Sacred Time and Daylight
It is a curious concept that we can “save” time. And perhaps even more curious is that we can “save” daylight. These are not commodities, after all. And they are known to be especially “fleeting,” so they are hard to catch, never mind saving and keeping them. But most of us across the nation (exceptions of Hawaii and Arizona) will dutifully reset our clocks tomorrow to “spring” ahead an hour to comply with "daylight savings time” (DST). I’m not quite sure what I think about the issue (if it matters!), but I have been pondering today about how we measure (and treasure) our time and sunshine, and what it means to try to savor them as well as “save” them and hold them with grace and gratitude.
Given the scope of our nation’s problems, the time change controversy* seems quite trivial. But is important because time issues intersect prominently with our very personal lives. We actually put very high value on “saving" time in terms of efficiency, and “keeping" time provides the structure by which we in the west spend our lives and coordinate them with others. For me time management is hard wired into my psyche it seems. During the day I repeatedly check my watch, but even in sleep I have a very curious ability to wake up in the middle of the night, and, without looking at a clock, I can usually tell within half hour what time it is. What’s that about?
The health issues related to the controversy over DST have to do with the interference with our established circadian rhythms** and the imposition of an altered standard that means we wake up groggy with the loss of an hour’s sleep that may also affect our heart and mental stability. I remember as a child, as much as I enjoyed the extra evening sunshine during the summer, I could barely get up and go to school those first few days after the time change, and I vaguely remember my mom taking pity on me and allowing me to be late! And as noted in the definition below, we humans are again interfering with nature’s own time frame when we radically change animal feeding and milking schedules, for example.
So what does it matter when our culture presumes to manipulate our environment? On the one hand, providing a system that provides us more evening daylight time eight months of the year is such a clever, most often welcome, and rational accommodation to our lives. On the other hand I consider this elemental imposition questionable. Would we not be better off if we lived more “off the clock” and better connected with the rhythm of nature as I presume is true of many indigenous people, and certainly animals, who rely instead on the circuitry of the sun and our bodily and intuitive “circadian rhythms” that tell us it’s time to eat and sleep?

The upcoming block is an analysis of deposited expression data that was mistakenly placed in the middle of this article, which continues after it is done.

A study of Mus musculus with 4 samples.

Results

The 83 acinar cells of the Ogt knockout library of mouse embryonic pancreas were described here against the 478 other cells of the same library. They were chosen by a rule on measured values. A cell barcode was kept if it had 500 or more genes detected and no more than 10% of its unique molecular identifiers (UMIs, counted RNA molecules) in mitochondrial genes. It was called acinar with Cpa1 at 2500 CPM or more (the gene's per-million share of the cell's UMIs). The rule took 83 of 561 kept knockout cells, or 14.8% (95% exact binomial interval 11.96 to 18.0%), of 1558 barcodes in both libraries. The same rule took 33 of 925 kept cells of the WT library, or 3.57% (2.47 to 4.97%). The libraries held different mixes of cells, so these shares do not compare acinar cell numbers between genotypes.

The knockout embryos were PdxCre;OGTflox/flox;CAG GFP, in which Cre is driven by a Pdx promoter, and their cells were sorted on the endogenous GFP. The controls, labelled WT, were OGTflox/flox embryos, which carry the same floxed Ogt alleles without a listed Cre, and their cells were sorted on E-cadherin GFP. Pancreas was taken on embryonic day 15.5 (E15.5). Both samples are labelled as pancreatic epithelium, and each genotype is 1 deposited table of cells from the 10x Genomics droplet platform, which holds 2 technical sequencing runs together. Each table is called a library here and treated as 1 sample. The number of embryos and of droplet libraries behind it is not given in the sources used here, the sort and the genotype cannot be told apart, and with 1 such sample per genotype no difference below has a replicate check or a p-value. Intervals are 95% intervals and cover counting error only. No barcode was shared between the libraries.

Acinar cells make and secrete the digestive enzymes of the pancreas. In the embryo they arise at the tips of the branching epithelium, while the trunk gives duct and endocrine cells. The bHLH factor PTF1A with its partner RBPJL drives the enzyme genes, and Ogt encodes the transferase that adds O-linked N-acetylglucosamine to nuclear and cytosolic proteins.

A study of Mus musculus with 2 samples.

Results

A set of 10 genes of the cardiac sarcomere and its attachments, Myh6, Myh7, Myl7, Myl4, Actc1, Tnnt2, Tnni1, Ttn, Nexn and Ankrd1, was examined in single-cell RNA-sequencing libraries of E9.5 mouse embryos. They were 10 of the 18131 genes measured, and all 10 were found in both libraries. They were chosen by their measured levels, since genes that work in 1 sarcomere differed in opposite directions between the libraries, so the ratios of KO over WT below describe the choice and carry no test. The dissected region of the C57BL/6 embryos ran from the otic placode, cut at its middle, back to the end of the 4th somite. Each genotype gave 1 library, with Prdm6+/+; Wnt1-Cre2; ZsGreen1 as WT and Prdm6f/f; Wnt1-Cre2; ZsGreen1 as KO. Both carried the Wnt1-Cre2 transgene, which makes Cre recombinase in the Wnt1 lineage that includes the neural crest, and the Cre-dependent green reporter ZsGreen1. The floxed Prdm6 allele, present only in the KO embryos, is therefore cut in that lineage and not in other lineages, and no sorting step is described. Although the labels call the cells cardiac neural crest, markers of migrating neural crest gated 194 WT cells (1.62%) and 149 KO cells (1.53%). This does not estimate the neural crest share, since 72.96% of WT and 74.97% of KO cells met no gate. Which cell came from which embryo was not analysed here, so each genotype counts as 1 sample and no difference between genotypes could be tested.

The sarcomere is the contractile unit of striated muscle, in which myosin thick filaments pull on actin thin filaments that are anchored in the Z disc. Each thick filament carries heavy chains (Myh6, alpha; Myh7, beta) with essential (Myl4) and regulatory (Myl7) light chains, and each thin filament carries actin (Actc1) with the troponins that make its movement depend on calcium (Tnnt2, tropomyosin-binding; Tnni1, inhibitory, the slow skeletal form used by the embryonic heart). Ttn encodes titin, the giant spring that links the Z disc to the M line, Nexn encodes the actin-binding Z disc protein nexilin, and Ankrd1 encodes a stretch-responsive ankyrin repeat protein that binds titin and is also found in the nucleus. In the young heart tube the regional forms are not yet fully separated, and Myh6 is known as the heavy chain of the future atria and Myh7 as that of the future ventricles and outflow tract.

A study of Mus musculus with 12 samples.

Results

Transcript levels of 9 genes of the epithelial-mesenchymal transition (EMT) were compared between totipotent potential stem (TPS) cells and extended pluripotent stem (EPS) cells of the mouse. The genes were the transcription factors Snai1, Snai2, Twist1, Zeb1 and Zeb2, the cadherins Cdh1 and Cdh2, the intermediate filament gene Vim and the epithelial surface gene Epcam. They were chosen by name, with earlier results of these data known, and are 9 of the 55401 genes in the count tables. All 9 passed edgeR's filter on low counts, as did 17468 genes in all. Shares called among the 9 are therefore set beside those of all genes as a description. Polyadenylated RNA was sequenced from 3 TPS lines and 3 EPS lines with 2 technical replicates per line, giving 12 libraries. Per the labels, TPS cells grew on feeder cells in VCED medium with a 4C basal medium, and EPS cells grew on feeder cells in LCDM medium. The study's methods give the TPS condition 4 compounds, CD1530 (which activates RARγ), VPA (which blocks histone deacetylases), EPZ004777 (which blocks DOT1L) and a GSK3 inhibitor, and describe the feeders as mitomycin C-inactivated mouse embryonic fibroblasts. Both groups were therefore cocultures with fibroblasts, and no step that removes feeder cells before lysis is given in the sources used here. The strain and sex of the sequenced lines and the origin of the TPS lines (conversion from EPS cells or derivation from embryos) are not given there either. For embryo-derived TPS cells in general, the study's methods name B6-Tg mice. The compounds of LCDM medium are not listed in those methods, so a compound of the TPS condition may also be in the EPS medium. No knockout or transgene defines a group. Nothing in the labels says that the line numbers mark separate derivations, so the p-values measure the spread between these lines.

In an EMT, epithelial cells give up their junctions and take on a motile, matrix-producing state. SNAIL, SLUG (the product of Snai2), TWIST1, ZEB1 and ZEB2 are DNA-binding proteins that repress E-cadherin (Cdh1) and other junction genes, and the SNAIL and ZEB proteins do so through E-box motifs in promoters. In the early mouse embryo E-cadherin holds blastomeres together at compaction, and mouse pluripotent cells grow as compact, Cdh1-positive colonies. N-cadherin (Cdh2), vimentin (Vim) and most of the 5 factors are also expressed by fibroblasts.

More and more we in the west are reminded that our compulsive busyness and preoccupation with time is not only unhealthy for us personally, but it is unhealthy for us as a culture because it makes us feel driven to production and efficiency that interferes with priority for relationships. As an antidote, for example,Thich Naht Hahn taught us to slowly and mindfully eat our tangerines. And I keep reading how important it is to observe a sabbath of quiet and removal from the preoccupations of our work and scheduled life for our spiritual well-being and equilibrium.
None of us dare, of course, to independently declare ourselves free from the cultural responsibility to comply with expectations of time keeping whether it is DST or otherwise. But we can, however, treat our sense of time as sacred gift. And, no, we can’t “save” our time and our sunshine, but we can treat them with our reverence and respect.
*Like most issues these days the public is divided with a relatively small majority of 62% wanting to establish DST as the standard year round and avoid the spring and fall time changes, and Congress continues to debate the issue. The Senate surprisingly unanimously passed the Sunshine Protection Act in May of 2022 that would have established DST as a year round standard, but it was not voted on in the House. If and when Congress ever does approve the proposed law, it would mean that in November, following passage, we simply would not change back from the DST standard.
**Circadian rhythms are physical, mental, and behavioral changes that follow a 24-hour cycle. These natural processes respond primarily to light and dark and affect most living things, including animals, plants, and microbes. Chronobiology is the study of circadian rhythms.